Tilly is a typically happy and active two-and-a-half-year-old working cocker spaniel.
Tilly was seen by our Soft Tissue Surgery department as an emergency during the COVID-19 lockdown in May.
<Working cockers are often referred to as “pocket rockets” and Tilly had been running through the woods but had somehow injured herself by running onto something sharp.
Tilly was initially very subdued and was taken to her vets, who diagnosed her with a pneumothorax secondary to a puncture wound at the thoracic inlet (at the base of her neck) prompting onward referral to the surgery team at Eastcott Referrals.
Once at Eastcott, chest drains were placed to evacuate the air from Tilly’s chest and she was stabilised with intravenous fluids and supplemental oxygen.
The puncture wound was small but clearly communicated with the inside of her chest and air could be seen being pumped out of this wound as the lungs expanded.
Once stable, Tilly was taken to surgery where her chest was opened and explored via a trans-sternal approach. The puncture wound and tract was followed through into the chest where it contacted the tip of the right cranial lung lobe.
All damaged tissue was removed, the whole area thoroughly flushed to prevent any infection and Tilly’s wounds were then closed routinely. Tilly went on to heal smoothly and uneventfully, her chest drains were removed the day after surgery and she was discharged the following day with a course of antibiotics and postoperative analgesia.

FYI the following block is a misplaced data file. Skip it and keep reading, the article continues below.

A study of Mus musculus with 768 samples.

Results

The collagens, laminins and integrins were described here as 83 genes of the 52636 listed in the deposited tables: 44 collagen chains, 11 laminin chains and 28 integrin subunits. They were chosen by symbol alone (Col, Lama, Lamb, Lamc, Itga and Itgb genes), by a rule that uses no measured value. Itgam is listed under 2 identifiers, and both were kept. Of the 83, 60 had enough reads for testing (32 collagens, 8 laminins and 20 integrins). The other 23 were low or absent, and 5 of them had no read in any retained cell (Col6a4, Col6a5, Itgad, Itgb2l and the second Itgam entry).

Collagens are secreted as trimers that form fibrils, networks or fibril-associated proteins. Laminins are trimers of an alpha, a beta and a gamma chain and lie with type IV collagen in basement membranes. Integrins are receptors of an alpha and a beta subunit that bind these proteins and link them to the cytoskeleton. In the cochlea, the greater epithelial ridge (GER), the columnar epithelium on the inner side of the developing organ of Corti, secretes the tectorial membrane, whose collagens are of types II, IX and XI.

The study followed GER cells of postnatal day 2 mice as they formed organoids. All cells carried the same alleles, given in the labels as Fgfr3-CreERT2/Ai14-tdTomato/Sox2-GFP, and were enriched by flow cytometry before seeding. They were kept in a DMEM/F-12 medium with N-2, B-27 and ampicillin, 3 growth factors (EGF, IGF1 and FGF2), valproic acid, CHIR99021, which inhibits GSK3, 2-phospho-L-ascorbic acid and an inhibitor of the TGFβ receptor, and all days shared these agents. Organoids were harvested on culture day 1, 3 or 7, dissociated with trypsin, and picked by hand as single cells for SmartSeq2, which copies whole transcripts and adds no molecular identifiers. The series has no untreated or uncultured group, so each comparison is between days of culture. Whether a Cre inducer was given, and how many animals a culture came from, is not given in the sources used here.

Tilly needed a total of six weeks’ exercise restriction to allow her sternum to fully heal but she has now fully recovered and is raring to get back to running through those woods again!
A trans-sternal thoracotomy (sternotomy) is one of the most invasive surgeries we perform in veterinary surgery but dogs constantly surprise us by how quickly they seem to recover from this approach.
Aside from careful surgical technique, one of the key factors contributing to this rapid recovery is appropriate pain management.
Tilly would not have had such a smooth journey if it was not for our anaesthesia department. Our anaesthetists were there providing oxygen as Tilly was admitted, were there to give Tilly a preoperative epidural and then to run the ventilator and intraoperative constant rate infusions during the procedure itself.
The anaesthetists also helped recover Tilly until she was passed through to our ICU team for recovery and then supervised her postoperative analgesia regime. It was lovely to see Tilly so waggy-tailed and happy the day after surgery. Tilly’s pain levels were regularly assessed but she was deemed comfortable at all stages of her recovery and was the model patient. We wish her all the best for the future (but hope she takes a bit more care through those woods).
Acute trauma cases such as Tilly require careful coordination between different teams and disciplines and we are very proud of our teams of surgeons, anaesthetists, nurses and ICU staff who work well together often in times of exceptional pressure to deliver the best care and therefore outcomes for our patients.